Where Have All the Mountains Gone? Smog Changes the Topography of the Lehigh Valley.

On RT 22

If you live in the Lehigh Valley or Berks County region, you’re familiar with the mountain ranges to the north and south.

Yesterday’s haze was so bad that South Mountain was hardly visible at all from Route 22 by 9:00 in the morning. During the afternoon, conditions were even worse: Blue Mountain to the north had completely disappeared.

Haze is caused by the the production of ground-level ozone, which occurs when sunlight on hot days like yesterday interacts with NOx (nitrogen oxides) and volatile organic compounds.

Where does NOx and VOC come from? Industrial emissions, motor vehicle exhaust, gasoline vapor (when you pump, spill from the nozzle, top-off your tank, paint with petro-based products, etc) and natural sources.

What does this have to do with the billboards I see on 22 for the Share The Ride Challenge?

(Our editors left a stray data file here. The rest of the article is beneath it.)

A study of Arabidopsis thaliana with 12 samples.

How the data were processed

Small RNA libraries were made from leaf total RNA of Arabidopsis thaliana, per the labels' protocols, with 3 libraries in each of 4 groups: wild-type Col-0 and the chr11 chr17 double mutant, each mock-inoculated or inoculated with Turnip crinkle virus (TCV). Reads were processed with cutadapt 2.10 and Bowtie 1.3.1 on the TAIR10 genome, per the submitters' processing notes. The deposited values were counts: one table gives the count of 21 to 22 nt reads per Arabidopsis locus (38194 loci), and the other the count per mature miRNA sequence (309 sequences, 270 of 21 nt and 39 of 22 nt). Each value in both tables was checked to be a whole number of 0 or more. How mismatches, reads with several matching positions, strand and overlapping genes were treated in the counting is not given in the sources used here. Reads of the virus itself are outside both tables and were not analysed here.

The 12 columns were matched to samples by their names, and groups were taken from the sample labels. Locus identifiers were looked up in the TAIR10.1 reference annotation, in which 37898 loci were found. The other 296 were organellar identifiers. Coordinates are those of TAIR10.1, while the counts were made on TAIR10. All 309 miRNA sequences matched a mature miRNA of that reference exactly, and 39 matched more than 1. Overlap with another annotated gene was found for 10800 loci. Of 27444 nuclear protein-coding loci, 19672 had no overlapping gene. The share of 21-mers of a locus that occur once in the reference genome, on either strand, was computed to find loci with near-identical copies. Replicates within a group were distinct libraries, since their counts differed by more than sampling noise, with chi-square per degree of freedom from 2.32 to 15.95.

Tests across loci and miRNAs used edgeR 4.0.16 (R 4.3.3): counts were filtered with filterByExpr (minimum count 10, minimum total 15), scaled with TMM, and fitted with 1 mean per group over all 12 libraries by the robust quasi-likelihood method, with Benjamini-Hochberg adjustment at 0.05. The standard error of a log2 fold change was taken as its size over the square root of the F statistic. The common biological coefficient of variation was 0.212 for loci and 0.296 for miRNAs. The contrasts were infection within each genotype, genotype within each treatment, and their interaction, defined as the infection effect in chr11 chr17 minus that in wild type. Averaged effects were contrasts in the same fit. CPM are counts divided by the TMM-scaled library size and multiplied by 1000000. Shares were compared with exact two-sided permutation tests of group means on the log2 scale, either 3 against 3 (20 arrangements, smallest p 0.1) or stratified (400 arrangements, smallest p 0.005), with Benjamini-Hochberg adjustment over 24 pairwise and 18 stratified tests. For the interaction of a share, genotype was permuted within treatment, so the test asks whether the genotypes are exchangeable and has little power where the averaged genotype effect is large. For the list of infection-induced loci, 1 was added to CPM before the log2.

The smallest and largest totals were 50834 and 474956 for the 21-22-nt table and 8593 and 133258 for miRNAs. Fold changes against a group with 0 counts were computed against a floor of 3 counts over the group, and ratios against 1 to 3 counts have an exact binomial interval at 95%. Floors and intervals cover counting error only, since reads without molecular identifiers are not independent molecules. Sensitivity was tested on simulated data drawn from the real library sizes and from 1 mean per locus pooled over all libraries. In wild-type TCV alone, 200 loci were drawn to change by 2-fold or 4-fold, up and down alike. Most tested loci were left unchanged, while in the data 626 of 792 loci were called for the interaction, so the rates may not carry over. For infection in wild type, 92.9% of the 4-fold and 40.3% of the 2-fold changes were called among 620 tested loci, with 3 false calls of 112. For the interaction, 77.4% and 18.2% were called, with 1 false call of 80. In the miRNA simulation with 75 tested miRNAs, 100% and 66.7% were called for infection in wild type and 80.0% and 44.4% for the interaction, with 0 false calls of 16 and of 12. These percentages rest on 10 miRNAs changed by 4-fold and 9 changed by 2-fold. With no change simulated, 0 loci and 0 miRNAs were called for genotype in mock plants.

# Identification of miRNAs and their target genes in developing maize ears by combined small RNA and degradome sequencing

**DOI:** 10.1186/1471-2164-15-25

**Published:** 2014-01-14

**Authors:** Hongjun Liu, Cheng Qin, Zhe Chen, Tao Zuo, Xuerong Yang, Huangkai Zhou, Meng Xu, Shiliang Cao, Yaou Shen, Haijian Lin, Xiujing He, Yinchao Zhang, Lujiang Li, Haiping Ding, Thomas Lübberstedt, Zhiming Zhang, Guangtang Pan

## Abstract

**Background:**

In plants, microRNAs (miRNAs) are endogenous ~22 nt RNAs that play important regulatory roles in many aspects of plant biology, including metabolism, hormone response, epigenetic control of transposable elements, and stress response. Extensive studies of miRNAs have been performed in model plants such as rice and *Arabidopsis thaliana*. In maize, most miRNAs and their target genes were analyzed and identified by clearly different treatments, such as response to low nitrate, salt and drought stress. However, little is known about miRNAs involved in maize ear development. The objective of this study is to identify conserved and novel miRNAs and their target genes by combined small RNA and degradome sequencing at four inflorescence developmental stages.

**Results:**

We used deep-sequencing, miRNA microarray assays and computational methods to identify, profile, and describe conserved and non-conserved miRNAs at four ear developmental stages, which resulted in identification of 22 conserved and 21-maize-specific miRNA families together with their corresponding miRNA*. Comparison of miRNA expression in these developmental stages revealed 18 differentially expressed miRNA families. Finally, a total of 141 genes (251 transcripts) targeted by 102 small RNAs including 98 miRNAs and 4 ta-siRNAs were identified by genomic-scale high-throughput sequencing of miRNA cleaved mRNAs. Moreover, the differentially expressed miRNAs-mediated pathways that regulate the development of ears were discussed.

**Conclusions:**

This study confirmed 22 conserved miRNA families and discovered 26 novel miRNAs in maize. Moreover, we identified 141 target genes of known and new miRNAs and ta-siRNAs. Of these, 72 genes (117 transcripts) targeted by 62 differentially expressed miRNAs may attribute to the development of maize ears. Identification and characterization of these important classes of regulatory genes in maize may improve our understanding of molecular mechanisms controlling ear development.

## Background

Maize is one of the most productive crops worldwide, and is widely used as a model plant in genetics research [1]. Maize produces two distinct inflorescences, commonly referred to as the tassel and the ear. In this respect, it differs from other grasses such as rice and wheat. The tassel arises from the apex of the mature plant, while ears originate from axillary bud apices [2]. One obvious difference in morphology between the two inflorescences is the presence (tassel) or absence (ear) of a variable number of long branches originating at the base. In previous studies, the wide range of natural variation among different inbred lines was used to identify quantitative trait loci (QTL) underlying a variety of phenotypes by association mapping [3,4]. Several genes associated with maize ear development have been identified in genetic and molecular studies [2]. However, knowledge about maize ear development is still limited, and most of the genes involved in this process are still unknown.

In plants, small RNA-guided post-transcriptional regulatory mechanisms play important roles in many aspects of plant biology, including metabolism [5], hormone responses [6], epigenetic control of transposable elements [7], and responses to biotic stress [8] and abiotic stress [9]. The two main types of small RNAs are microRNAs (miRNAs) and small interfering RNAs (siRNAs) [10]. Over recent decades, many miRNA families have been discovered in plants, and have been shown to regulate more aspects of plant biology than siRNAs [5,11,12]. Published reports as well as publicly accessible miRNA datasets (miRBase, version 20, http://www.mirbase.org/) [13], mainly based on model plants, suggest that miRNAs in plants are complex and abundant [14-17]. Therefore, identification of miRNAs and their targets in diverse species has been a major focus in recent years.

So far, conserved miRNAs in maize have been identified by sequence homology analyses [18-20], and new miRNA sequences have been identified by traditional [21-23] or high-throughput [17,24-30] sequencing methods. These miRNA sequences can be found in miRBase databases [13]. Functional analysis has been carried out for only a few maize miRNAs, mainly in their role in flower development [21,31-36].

A lot. Commuter traffic is the largest contributor to the ground-level ozone problem in our region. Specifically, single-passenger, single car commuting is a changeable behavior, and we’re trying to incentivize the change. Reduction in trips, numbers of vehicles on the road, and gas fill ups can make significant changes to the haze (a pretty word for smog) levels, air quality, and personal health. Find out more on our website and at the the Share The Ride Challenge. In the dog days of summer, we double-dog dare you!

One thought on “Where Have All the Mountains Gone? Smog Changes the Topography of the Lehigh Valley.

  1. It’s important that we learn to avoid driving whenever possible on a Air Quality Action Day. Using social media, it’s easier and more convenient than ever to share your ride. Save money, win prizes, clear the air. ShareTheRideChallenge.com.